Alpha 3 was competitive from 1998-2002 (it was featured in some majors after that, but usually as side tournaments). Valle was the first Alpha 3 champion, but was later overtaken by John Choi (I think by Mike Watson, too). East Coast guys like Eddie Lee, Arturo Sanchez, Jeron Grayson were also great. The Japanese were on another level late in Alpha 3’s span.
There isn’t one factor why Alpha 3 isn’t played anymore. IMO, the reasons are:
-Lack of a console port (before 2006), when EVO and other majors started moving to console in 2004, this put an already faded Alpha 3 on the back burner. There was no good port for the game, DC and PSX versions weren’t true to the arcade, Saturn was the closest, but was very hard to find and wasn’t quite arcade perfect.
-Newer games coming out. CvS1, CvS2, MvC2, TTT, T4, SC2, GGXX, etc… were out and with the old saying, “out with the old, in with the new.” It is very hard to run so many games in one tournament, unless the number of entrants for the games are very low.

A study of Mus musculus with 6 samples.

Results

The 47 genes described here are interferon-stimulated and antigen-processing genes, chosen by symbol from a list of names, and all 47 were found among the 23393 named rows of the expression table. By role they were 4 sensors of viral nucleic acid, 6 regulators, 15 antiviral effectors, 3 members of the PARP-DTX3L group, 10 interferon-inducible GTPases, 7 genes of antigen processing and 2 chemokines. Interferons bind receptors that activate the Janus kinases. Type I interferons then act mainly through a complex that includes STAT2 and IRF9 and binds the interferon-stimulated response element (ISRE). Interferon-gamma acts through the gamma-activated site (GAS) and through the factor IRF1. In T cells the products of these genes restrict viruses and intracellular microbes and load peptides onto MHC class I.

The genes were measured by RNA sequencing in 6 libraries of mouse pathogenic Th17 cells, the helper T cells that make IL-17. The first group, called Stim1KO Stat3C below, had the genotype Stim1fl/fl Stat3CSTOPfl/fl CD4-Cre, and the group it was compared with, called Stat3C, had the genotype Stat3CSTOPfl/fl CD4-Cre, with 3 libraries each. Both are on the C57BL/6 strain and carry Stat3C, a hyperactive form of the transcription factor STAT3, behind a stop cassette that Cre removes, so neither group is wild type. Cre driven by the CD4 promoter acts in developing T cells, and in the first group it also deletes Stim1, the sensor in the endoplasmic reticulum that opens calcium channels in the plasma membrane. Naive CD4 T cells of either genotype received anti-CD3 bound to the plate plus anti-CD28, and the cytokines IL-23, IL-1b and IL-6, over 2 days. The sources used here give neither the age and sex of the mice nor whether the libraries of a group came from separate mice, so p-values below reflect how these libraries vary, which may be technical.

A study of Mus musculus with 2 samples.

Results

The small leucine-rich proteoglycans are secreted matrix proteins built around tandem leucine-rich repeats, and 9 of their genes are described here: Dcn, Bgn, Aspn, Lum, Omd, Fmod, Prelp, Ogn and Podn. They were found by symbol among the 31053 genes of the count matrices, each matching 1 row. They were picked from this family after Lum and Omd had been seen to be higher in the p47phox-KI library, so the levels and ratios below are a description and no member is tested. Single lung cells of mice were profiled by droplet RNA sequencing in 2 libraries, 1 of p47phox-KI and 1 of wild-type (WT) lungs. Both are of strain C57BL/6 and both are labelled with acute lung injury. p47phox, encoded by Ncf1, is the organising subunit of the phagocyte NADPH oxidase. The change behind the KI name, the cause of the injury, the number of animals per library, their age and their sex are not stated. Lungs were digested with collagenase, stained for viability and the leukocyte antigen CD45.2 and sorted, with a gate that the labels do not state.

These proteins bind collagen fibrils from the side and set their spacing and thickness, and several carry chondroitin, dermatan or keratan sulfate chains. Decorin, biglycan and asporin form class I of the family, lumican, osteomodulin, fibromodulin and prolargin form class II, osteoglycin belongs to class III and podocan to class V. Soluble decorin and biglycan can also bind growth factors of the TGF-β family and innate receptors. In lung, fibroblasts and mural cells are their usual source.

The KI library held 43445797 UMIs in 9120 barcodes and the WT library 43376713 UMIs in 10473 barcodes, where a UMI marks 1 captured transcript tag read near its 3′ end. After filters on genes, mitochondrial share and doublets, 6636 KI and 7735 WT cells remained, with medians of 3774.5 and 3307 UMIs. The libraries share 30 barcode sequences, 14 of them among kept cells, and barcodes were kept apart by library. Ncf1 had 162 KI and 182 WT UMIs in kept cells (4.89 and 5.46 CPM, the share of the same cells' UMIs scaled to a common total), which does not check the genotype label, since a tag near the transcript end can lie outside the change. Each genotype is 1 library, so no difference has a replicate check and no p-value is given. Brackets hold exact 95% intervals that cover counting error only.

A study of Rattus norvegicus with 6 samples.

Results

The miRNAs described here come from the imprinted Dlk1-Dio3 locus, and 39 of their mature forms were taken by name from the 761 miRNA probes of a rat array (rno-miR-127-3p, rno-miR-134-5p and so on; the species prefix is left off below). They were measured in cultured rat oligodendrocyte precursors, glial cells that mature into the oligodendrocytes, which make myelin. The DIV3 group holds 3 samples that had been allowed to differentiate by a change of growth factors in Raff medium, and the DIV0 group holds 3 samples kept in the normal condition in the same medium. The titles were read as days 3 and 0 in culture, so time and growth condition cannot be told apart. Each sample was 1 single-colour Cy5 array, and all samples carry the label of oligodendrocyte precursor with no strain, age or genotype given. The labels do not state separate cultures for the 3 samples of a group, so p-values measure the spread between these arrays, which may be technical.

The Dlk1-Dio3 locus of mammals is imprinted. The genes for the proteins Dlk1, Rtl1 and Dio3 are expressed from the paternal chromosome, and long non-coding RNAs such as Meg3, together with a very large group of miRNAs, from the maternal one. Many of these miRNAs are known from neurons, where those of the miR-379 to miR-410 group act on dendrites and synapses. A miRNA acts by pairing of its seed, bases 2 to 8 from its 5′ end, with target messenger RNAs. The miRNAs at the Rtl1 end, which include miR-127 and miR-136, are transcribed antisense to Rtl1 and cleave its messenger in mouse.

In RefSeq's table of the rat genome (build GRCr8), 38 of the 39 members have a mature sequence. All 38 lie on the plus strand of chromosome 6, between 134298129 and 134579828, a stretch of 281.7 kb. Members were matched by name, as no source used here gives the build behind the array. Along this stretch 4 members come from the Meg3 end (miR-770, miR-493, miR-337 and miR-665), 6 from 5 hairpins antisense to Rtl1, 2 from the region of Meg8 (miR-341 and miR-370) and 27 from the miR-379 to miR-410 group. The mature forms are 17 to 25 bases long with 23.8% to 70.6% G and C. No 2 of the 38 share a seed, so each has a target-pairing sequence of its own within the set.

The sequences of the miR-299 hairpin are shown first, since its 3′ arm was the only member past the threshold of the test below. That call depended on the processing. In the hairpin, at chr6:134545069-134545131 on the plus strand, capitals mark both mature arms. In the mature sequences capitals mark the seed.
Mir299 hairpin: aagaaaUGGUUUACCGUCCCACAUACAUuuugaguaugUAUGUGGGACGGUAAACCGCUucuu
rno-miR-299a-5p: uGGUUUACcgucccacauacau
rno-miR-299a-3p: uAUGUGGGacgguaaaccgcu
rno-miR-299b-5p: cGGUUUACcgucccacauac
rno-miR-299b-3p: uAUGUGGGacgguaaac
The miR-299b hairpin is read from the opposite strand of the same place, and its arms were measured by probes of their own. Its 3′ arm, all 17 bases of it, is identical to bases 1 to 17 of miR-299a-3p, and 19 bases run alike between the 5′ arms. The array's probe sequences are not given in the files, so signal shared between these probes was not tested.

-People didn’t like how the game developed. Pretty much, other than a few characters (Guy, Bison, Gen, maybe Dhalsim, though he can use all the ISMs will), if you aren’t using V-ISM, you’re screwed. Crouch Cancels were found out, and many people didn’t like it. IMO, crouch cancels make Alpha 3 one of the most balanced fighters, but people don’t like seeing someone get juggled in the air for 90 seconds.
Alpha 3 isn’t like other SF games, it plays like one, but… Kyokuji put it best: Alpha 3 is like a meter cold war, meter first, the SF second. It is the most technical SF game (I believe that MvC2 is more technical, possibly CvS2, but those don’t have SF in the title). The game feels weird, due to the wonky hitboxes, and as I mentioned before, if you aren’t using V-ISM against a decent opponent, then you’re in for a rude awakening. The game is a bitter pill to swallow, and while I like the game a lot, I can understand why many others (even good players) don’t, which is why I don’t think I can consider it a great game.